This has been on my mind a fair amount of late, admittedly Mothers’ Day is looming which is always a good way to highlight all my feelings surrounding motherhood. I was a young mother, my first bundle of joy arriving at my tender age of 19. The second bundle arrived 3.5 years later and so the story started.
Being a young mother is hard. You lose friends, especially when they are chasing careers, studies and other things and don’t really understand why you kept the child. I didn’t have many friends at 19 anyway, so my circle grew much smaller. I have issues with being abandoned and as such my circle is very small, it contracted further.
The kids grew up as they are wont to do. We had all the usual ups and downs, good and bad days and life happened. I learned a lot from my children as I tried to give them all the tools I thought they would need as they entered the world. I created a world where they could learn to voice an opinion, and do so respectfully. A world where everyone is treated equal irrespective of external factors and all were given a chance to be heard.
Then they left. Well more to the point, I left and the family became two. My eldest stayed with the ex and my youngest joined me. I suddenly was dealing with feelings of having let them down, of not being a good enough mother because I had split our family. The youngest left a year and a half ago now.
My world changed forever.
Empty nest syndrome is a real thing. It’s not the delusional anxiety of a woman longing for glory days (rose coloured glasses here). It’s the actual feeling of emptiness that envelops you once you have a moment to breathe.
It’s fun at first. There is no set time for dinner, or baths, or homework .. or anything that relates to a child. No more school, no more tantrums or arguing over pointless issues. You can do adult things at your own time in your own pace. No one will argue about what’s being served for dinner because you are cooking for you. No one will chase you off the toilet or out the bath because hey! you’re alone.
That honeymoon lasts a while I can tell you. Things you have done a million times are better now just because you are on your own. Reality does settle in and it does so quite hard. The honest truth is that when those children reach a certain age, they don’t need you anymore. You are merely a blip in their busy day-to-day lives. When you feel like communication it will be the last thing on their to-do list.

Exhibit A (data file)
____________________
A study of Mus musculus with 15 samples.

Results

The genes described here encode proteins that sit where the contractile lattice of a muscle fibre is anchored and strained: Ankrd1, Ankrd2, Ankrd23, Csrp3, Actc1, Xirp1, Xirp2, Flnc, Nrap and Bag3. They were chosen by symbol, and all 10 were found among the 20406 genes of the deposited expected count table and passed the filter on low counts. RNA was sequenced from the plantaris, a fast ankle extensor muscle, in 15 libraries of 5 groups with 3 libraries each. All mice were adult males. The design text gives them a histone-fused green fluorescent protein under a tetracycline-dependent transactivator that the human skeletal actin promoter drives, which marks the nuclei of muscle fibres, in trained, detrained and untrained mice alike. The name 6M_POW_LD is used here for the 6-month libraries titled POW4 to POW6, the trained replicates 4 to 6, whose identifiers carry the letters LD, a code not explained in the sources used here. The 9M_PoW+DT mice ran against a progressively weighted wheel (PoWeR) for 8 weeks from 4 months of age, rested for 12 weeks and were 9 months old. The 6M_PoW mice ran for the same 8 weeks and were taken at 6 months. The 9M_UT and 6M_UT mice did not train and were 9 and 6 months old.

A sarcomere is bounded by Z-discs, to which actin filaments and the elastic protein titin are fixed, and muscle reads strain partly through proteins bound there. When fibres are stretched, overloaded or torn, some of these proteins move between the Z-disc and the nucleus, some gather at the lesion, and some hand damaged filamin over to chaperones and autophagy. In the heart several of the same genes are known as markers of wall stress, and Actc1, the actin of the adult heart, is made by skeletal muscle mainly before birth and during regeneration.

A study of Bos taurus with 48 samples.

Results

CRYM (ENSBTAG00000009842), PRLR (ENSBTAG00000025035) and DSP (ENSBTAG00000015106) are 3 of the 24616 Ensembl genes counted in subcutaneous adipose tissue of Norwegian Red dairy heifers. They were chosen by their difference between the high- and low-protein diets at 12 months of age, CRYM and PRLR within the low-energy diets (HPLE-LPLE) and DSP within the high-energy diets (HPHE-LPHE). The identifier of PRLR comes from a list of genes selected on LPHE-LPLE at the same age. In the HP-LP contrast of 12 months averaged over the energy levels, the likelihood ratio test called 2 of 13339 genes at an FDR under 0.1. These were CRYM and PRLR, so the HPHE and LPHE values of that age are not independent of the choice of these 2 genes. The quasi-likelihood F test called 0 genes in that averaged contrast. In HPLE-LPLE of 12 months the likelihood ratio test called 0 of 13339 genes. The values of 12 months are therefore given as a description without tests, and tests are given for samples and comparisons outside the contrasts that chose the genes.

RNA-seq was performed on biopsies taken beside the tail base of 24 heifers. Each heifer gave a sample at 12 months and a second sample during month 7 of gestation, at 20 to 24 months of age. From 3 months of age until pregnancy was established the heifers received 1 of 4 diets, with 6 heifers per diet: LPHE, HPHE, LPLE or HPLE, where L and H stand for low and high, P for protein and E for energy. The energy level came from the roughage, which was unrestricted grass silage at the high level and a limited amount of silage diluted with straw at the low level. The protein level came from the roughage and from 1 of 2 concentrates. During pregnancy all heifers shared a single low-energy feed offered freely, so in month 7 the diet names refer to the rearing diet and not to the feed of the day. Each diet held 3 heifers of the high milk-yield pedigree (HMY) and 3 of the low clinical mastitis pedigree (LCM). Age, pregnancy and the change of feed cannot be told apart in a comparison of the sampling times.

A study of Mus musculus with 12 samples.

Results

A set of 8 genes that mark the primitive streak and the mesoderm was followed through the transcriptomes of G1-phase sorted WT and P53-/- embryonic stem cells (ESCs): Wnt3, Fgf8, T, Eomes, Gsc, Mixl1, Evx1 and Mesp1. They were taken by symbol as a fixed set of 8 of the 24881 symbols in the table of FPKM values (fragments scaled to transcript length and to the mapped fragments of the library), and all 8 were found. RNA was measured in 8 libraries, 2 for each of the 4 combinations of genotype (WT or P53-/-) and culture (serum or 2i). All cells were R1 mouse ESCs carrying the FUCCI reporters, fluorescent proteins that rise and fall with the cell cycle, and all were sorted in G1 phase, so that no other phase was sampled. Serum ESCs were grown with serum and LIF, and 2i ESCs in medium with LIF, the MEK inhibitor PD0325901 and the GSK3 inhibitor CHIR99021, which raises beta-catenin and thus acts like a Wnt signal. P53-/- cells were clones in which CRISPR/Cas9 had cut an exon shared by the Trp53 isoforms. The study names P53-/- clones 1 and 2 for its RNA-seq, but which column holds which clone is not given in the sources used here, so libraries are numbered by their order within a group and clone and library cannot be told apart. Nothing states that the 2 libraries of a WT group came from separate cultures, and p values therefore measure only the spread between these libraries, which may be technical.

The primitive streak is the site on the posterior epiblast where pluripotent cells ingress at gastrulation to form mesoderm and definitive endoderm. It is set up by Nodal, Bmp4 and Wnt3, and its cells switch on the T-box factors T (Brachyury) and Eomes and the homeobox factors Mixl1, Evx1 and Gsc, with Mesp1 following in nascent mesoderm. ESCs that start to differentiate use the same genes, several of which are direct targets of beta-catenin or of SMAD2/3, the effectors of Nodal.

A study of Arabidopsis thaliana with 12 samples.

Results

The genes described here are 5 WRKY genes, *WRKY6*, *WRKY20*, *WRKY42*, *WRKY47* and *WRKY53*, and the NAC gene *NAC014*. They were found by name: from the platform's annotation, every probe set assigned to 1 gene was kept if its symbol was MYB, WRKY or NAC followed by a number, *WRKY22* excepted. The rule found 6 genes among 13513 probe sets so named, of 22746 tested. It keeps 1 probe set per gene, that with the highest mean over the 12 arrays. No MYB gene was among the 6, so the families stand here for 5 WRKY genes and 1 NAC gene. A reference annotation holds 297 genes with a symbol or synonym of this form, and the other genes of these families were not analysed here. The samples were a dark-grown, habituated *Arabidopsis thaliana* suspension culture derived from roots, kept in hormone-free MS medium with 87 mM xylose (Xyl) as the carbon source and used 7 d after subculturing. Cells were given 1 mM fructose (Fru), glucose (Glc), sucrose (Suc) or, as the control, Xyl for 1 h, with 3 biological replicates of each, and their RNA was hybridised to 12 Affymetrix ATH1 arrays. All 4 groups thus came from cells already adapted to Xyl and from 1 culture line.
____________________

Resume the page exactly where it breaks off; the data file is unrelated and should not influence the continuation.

It doesn’t mean that as a parent you have failed. In fact I know my children are leading the lives I taught them to lead. Independent, on their terms and to the full lives. Every day needs to be lived the best way they know how. That means that I am not as important for right now. That will (hopefully) change with time, but right now I have that empty nest.
The hardest lesson I am learning is that I have to allow them to miss me. I can’t keep chasing them. I cannot force attention or recognition. I know they love me, just as I know that they are focused on their life right now.
I write this as though I have it all under control and yet I can tell you I don’t. I still cry in bed wondering if I hadn’t left if this would have happened, and I know it would have. I still cry because I miss them so terribly and all I want is a hug or a call – and it doesn’t happen. I cry because of all I have been through and it’s an effort to remember mum.
Yet through the tears I am watching them mature and I know deep in my heart that all is good. They are good adults and are making decisions and choices that are theirs to make. They have learned well. I need to let it go because the tears are more pity for myself than anguish at their choices.